You need to consider what operating system you’re using and what type of cloud infrastructure you are using
By: Miska Kaipiainen
Oct. 8, 2016 07:45 PM
Container Platforms: Three Questions to Lead You to Your Perfect Fit
Throughout history, various leaders have risen up and tried to unify the world by conquest. Fortunately, none of their plans have succeeded. The world goes on just fine with each country ruling itself; no single ruler is necessary. That's how it is with the container platform ecosystem, as well.
There's no need for one all-powerful, all-encompassing container platform. Think about any other technology sector out there - there are always multiple solutions in every space. The same goes for container technology. When you create something that is super scalable, the drawback is that it's not going to be a one-size-fits-all approach. However, one person's drawback is another person's advantage.
Simplifying the decision-making process
The first decision point is to understand what will work best for your organization. Do you want to build something from scratch, to make it as truly customizable as possible or would you prefer to use an existing solution and custom-fit it to your needs? Neither is the better choice - it's a matter of different choices.
There are many container platforms and many options to choose from, and the process can become overwhelming if you don't know the right criteria to use. Fortunately, there are a few basic questions that will help you make the best choice for your needs.
1. Build or buy?
Here's a case in point: if your stack is comprised of several web services and common databases, you don't necessarily want a system that will require lots of integration and tuning work. In this case, an easy-to-use solution might be the best option, as opposed to something that requires more hands-on management.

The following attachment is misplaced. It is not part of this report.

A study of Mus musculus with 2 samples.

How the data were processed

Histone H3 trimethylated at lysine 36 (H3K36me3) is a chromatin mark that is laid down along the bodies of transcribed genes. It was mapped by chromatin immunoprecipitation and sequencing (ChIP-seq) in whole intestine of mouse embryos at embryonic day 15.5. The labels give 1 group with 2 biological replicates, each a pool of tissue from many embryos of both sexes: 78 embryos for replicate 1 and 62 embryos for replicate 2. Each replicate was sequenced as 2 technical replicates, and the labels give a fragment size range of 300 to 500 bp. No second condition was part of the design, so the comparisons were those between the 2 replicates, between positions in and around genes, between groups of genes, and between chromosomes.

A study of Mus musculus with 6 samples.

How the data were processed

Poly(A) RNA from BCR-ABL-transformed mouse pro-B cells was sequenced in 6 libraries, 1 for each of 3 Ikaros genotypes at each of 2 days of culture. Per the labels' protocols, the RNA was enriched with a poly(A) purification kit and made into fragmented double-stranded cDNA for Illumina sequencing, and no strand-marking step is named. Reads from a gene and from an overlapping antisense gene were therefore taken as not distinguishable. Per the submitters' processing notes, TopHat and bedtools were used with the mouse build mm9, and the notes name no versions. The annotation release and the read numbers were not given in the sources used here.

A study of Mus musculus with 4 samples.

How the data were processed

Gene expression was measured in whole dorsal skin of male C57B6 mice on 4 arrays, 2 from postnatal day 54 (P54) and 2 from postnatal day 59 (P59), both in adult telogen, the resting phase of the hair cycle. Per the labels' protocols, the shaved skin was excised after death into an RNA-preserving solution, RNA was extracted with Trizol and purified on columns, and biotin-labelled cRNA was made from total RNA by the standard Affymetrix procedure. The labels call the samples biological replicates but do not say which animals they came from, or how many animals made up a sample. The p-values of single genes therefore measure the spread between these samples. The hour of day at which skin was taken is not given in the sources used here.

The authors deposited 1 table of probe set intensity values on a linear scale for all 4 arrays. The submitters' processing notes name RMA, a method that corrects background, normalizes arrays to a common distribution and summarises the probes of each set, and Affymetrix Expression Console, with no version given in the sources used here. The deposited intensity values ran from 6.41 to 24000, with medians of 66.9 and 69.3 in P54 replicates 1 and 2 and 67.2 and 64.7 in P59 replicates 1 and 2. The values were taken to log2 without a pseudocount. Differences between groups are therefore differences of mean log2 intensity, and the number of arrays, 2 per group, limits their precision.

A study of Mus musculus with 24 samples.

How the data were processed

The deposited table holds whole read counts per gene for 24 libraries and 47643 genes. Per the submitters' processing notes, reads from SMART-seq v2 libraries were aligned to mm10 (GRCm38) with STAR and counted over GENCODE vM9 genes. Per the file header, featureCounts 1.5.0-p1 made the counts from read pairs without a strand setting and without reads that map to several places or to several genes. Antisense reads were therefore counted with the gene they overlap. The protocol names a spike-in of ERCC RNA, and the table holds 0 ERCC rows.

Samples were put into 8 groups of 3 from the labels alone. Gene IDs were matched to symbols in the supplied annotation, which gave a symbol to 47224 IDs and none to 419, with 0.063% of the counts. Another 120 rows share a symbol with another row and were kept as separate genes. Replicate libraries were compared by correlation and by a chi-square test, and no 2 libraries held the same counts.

Experience has proven that building your own container platform is incredibly hard and time-consuming. At first, it might seem you'll find all the bits and pieces from various open source projects, but making this complex stack of technologies work nicely together while making it maintainable as a platform is very hard and takes a lot of time.
2. What's the goal?
Will you use the platform to run your web services? Your Big Data databases? What is the scale you need today? It's important to understand that there are platforms for different needs: the platform geared toward Big Data is not necessarily good choice to run your web services. The platform designed to serve Googlescale deployment might add unnecessary complexity and difficulty if your scale is not at Google scale.
There are many similarities among most container platforms, but they offer different features and functionality, addressing different kinds of developer needs. Pinpointing the use case for which you need a container platform makes navigating the options much simpler.
3. What size makes sense?
Compatibility and flexibility
The good thing is that you don't need to stay with a platform that doesn't suit your needs. Containers are ultra-portable across any underlying execution environment. You can always switch to some other platform since the most difficult part is already done: your software is packaged and deployed as containers!
The choice of the right container platform is an important one, but the deluge of options doesn't have to overwhelm you. Think about the simple three questions above to help guide you in the decision-making process.